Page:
Touching Not Allowed: Rizal’s Noli Me Tangere

29 12 2010
"Where did the bad priest touch you?" is disturbingly not a joke considering the source.

Image from the Penguin Classics US website

Now that’s heavy.

Choosing my returning post back to blogging was no contest. After all the chaos and confusion of the holidays – technically I’m still in the midst of that chaos and confusion, as well as the paying of credit card bills – finally finding time to write in the wee hours of December 30 is pure serendipity. It’s either that or coincidence – I can never keep those two straight.

So, in honor of the date, as more than a century ago, the author of the above book was preparing to be shot, let me ruminate on his opus – and coincidentally adding a new tag to my blog – the Noli.

For the non-Filipino, hearing the name “Jose Rizal” is essentially the same as hearing about the obscure national heroes of other countries.  But here  in the Philippines, the shadow of Rizal looms large. To put it into perspective, I think we’re the only country who dedicates an entire college course to their national hero. Smacks of indoctrination and all, but still national pride wins the day. We also dedicate several months reading the great man’s duology of Noli Me Tangere and El Filibusterismo during high school. Quite a few people can honestly say that the book is probably one of the few books they’ve read or at least know the Cliff Notes version of the main points.

Which is total crap.

Let’s be honest here – anyone forced to read a book will either c0me to hate it or just plain don’t care about it. Reading is much more than absorbing words on a page. You can do that, of course. We do that when we read our iPod’s instruction manual – however that is not the approach that one should take when dealing with a work of literature. A good book is a meal, to be tasted and savored – not to be force fed down a man’s gullet like it was some sort of fiber-rich fad food.

So anyone in the crowd read Noli Me Tangere and the El Filibusterismo of his own free will and at the age of adulthood?

The conspicuous dearth of raised hands includes me, of course. But that may soon change – I stumbled upon the Penguin Classics version seen above at Fully Booked and the thought occurred to me to go read it again. Alas, the price tag was 669 pesos. The mass-produced Tagalog translation issued to school boys and girls nationwide costs less than a third of that; still it is a Penguin Classic. Thankfully, there are free translations on the Internet – most notable is the one found at Filipiniana.net. Still, a solid book in my hands will always be preferred so I’m still leaning towards buying a copy.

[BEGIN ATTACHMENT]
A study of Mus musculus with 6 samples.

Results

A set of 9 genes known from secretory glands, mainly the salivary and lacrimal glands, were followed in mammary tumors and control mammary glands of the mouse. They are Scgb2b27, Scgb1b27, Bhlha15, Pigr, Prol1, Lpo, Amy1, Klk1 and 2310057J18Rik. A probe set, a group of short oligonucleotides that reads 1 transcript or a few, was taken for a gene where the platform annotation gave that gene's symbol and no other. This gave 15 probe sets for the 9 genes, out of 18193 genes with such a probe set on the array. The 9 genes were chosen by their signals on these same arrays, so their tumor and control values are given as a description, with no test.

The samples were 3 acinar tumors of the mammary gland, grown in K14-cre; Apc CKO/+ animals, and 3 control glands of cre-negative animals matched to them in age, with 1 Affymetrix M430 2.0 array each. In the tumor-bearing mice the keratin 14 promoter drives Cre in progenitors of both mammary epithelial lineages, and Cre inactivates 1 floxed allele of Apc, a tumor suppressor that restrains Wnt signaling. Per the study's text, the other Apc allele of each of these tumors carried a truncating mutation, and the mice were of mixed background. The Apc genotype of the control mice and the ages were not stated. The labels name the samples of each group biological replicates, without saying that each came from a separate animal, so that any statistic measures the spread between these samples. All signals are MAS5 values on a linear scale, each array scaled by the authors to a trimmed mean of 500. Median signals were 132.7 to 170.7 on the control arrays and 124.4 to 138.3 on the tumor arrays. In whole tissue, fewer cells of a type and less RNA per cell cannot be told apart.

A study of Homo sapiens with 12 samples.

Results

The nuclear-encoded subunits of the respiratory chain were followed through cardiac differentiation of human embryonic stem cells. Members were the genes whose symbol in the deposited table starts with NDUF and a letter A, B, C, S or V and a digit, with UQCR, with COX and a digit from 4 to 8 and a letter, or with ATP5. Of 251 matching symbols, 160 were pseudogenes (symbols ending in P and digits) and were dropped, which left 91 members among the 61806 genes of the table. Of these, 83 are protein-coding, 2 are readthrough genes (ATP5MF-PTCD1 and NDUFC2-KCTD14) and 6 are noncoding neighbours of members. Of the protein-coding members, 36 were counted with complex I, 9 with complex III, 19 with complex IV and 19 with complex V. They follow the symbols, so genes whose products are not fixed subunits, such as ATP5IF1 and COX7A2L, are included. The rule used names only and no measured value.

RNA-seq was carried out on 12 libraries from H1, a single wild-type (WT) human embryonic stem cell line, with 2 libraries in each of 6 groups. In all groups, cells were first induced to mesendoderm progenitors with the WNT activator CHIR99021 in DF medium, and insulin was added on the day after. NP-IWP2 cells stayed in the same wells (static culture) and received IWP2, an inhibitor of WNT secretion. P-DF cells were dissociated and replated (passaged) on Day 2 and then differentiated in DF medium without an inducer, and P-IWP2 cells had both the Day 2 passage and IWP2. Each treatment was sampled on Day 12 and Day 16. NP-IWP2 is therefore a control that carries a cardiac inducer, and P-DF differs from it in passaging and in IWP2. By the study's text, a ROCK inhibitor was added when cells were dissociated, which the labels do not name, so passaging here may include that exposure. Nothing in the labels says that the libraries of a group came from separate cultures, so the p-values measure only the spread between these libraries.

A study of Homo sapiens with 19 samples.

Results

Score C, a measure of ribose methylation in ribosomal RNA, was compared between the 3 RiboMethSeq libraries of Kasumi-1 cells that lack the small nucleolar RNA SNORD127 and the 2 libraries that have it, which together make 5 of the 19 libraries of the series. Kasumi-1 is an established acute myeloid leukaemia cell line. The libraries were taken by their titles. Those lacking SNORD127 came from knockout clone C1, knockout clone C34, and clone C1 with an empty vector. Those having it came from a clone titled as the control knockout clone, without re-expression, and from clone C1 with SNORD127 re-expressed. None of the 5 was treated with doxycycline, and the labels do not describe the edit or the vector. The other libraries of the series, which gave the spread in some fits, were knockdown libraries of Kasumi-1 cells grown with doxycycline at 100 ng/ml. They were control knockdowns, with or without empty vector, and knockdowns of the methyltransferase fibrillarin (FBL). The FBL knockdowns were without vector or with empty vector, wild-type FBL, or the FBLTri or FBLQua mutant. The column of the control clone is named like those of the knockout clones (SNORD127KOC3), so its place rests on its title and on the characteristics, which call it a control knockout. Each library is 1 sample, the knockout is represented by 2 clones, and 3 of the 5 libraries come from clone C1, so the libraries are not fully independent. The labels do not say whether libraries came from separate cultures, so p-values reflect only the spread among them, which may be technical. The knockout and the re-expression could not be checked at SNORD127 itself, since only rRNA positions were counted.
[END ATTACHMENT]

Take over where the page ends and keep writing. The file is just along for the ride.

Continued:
However, the thought has occurred to me – why am I reading a translation of my own country’s seminal novel? I shouldn’t be reading a translation – I should be reading the original text! But, alas, my Spanish is nearly non-existent – something which I really should correct – and Rizal for all his polyglotic abilities did not predict that English would eclipse Spanish in his home isles. If he did, he’d probably have written three versions of his novels; that was well within his capabilities. Plus, I can’t seem to find a full non-abridged modern publishing of Noli and El Fili at all.

Why the hang-up on language? Language is more than a mode of speech – it carries nuance, subtleties that are lost in translation,  no matter how accurate. Ask a Filipino on the street about the Noli and he will tell you about the injustice, the attack on colonialism. He will not tell you about the satire, the black comedy that hints at Rizal’s European influence. He will not talk about the sheer melodrama of the entire sequence, the near-operatic levels of tragedy. He will talk about the message and not the art.

There is something ever-slightly soulless about that.

So, time to fold my sleeves and pick out a Spanish language workbook and look for a Spanish copy of Noli. There are worst ways to learn a language, after all.

I do now know how to end this stream of through but with the first lines of the book itself, in the glorious lyrical Spanish of the original:

A fines de octubre, don Santiago de los Santos, conocido popularmente bajo el nombre de Capitán Tiago, daba una cena, que, sin embargo de haberlo anunciado aquella tarde tan sólo, contra su costumbre, era ya el tema de todas las conversaciones en Binondo, en otros arrabales y hasta en Intramuros.


18 03 2011
Pepe Alas

Perceptive thoughts. Congratulations, dude. You just earned my respect. Keep it up with your Spanish studies. I’m sure you’ll make it.